6/16/10

Choosing to Be a Counter-Cultural Woman

Voices and Choices of the True Woman Movement (Part 3)

“You’ve come a long way, baby!” Remember that ad campaign? It symbolized the women’s movement of the 1960s, when feminism etched its agenda into women’s hearts and rewrote the rules of womanhood, marriage, parenting, and more.

Mary Kassian, a distinguished professor of Women’s Studies at Southern Baptist Theological Seminary in Louisville, spoke at True Woman ’08 in Chicago, explaining the foundations of feminism and how it replaced the image of sweet June Clever, happy at home and caring for her family in “Leave It to Beaver.” America watched the evolution of women under the influence of feminism on television. The new mindset changed the choices women made in their personal and public lives.

By the 1970s, Mary Tyler Moore—the perky, independent career woman—proclaimed womanhood’s sufficiency without a man. The 1980s brought us Murphy Brown, a loud-mouthed, brash, driven, self-absorbed divorcée and atheist. Her show focused on Murphy’s “self-actualization.” In the midnighties, America discovered Ellen, a woman who defined her own sexuality and morality as a lesbian. With the sitcom Friends, women were given options—live together, hook up, get divorced, get pregnant, have men as roommates, etc. “Selfhood and sisterhood” were promoted in Sex and the City. Kassian said of the women on that show, “...the height of empowered womanhood is to live a self-serving, self-righteous, neurotic, narcissistic, superficial, and adulterous life.”

How different this all is from the biblical image of a happy, fulfilled woman who values and serves God, her family, and her community.

The system of ideas that feminism encompasses is “a distinct worldview with its own ideologies, values, and ways of thinking,” Kassian said. She described that worldview, discussing the philosophies of Simone de Beauvoir, who proposed a revolution in gender roles; Betty Friedan, who wrote The Feminine Mystique; Kate Miller, who opposed “patriarchy” as a force against women; and other in the movement. “According to feminism,” Kassian said, “the only hope for woman’s happiness and self-fulfillment lay in rejecting a male-defined, Judeo-Christian worldview.”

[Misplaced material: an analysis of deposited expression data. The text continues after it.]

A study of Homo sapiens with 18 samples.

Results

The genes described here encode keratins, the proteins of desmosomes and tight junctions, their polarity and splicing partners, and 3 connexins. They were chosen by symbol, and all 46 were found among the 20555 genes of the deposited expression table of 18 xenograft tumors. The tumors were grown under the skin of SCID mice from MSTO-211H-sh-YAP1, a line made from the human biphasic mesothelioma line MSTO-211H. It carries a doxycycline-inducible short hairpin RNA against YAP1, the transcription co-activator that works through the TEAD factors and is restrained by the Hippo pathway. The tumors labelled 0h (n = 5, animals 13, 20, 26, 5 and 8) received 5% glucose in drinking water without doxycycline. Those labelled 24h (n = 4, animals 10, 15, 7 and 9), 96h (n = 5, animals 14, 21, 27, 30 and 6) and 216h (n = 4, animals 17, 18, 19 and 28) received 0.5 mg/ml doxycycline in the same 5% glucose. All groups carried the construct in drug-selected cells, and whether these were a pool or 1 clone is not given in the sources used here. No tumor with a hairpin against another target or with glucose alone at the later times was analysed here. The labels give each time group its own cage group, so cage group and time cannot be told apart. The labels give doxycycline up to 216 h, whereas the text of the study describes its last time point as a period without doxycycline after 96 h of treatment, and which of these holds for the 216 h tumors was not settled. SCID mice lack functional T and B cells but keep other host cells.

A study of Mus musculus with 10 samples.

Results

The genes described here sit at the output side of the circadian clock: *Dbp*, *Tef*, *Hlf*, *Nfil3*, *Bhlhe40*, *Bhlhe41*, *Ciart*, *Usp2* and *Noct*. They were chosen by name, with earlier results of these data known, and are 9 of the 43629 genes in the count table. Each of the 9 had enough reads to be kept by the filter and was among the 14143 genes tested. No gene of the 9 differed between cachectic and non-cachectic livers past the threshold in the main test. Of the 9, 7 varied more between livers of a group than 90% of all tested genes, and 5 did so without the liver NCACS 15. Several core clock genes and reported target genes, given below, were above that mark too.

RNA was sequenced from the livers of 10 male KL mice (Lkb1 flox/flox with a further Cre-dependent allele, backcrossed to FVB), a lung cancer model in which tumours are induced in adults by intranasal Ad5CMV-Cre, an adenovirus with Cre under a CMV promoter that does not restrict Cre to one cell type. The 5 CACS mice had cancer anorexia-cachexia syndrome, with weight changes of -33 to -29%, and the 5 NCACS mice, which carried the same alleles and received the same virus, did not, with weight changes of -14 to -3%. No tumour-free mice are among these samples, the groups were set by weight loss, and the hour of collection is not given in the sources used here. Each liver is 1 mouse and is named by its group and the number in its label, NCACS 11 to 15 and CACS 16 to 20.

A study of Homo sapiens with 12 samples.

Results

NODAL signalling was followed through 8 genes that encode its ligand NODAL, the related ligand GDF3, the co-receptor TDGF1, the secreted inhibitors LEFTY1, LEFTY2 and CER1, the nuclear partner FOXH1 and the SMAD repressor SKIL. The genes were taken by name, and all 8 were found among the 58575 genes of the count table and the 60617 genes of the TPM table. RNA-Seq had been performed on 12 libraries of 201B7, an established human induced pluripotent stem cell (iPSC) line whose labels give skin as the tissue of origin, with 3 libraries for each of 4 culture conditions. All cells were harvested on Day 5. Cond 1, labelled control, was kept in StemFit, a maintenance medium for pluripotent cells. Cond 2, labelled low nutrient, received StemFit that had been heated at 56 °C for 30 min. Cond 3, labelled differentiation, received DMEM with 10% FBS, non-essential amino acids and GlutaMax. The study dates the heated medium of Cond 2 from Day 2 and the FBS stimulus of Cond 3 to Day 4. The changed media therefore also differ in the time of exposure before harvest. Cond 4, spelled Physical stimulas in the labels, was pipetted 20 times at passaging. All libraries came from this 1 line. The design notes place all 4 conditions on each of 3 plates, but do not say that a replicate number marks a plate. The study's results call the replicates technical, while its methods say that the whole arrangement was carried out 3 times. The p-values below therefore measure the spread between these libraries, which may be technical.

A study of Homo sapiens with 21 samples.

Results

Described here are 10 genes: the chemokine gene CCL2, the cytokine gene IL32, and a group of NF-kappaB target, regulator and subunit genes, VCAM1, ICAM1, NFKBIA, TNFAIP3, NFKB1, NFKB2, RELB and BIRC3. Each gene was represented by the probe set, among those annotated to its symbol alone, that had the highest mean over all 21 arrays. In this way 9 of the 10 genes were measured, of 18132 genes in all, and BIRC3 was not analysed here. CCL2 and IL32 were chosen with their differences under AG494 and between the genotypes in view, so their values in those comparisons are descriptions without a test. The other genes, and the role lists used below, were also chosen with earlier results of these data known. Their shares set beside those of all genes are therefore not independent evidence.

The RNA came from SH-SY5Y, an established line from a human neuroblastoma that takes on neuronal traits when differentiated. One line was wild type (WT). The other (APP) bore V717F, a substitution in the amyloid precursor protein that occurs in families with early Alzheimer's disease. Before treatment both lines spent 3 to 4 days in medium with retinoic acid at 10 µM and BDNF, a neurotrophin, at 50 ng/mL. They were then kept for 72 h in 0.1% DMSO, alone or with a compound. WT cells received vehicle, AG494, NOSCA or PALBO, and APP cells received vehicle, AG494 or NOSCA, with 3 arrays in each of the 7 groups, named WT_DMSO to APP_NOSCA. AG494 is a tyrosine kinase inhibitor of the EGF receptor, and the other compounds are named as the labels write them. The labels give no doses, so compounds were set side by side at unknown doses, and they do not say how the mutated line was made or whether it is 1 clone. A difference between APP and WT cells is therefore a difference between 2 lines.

Kassian’s message is spelled out in Chapter Three of the book Voices of the True Woman Movement by Nancy Leigh DeMoss. Her conclusion? “The heart of true womanhood is to understand and agree with the purposes of our Creator ... A woman is a true woman when her heart says yes to God. ... The new generation is disillusioned. They can see that feminism hasn’t brought women the satisfaction it promised.”

What are the choices Kassian suggests that will bring women the answers, fulfillment, and freedom they seek?
(1) Embrace the gospel of Jesus Christ.
(2) Embrace a biblical understanding of manhood, womanhood, and gender relationships.
(3) Join the countercultural movement of women “who dare to take God at His Word, who have the courage to stand against the popular tide, choosing to believe and delight in God’s plan for male and female.”

Note: Mary's message at True Woman '08 was based on material from her book, The Feminist Mistake (Crossway Books, 2005).

Mary is one of the keynote speakers at two True Woman conferences in 2010: In Indianapolis, September 23-25; and Fort Worth, October 14-16. (I'm attending the Indy conference and would love to see you there!)

2 comments:

Marja said...

Thank you Dawn for another great post. I used to be a feminist and NOW Proverbs 31 is one of my favorite an most inspiring scriptures. Go figure!

Dawn Wilson said...

Thanks, Marja.
I love the part of Prov. 31 that says she "laughs" at the future. She can, because she is living out biblical womanhood and has God's perspective ... just like you!

I wish you could go to True Woman ... I'm going to the Indianapolis conference the end of September. There's also one in Texas in October. Lots of great speakers on biblical womanhood!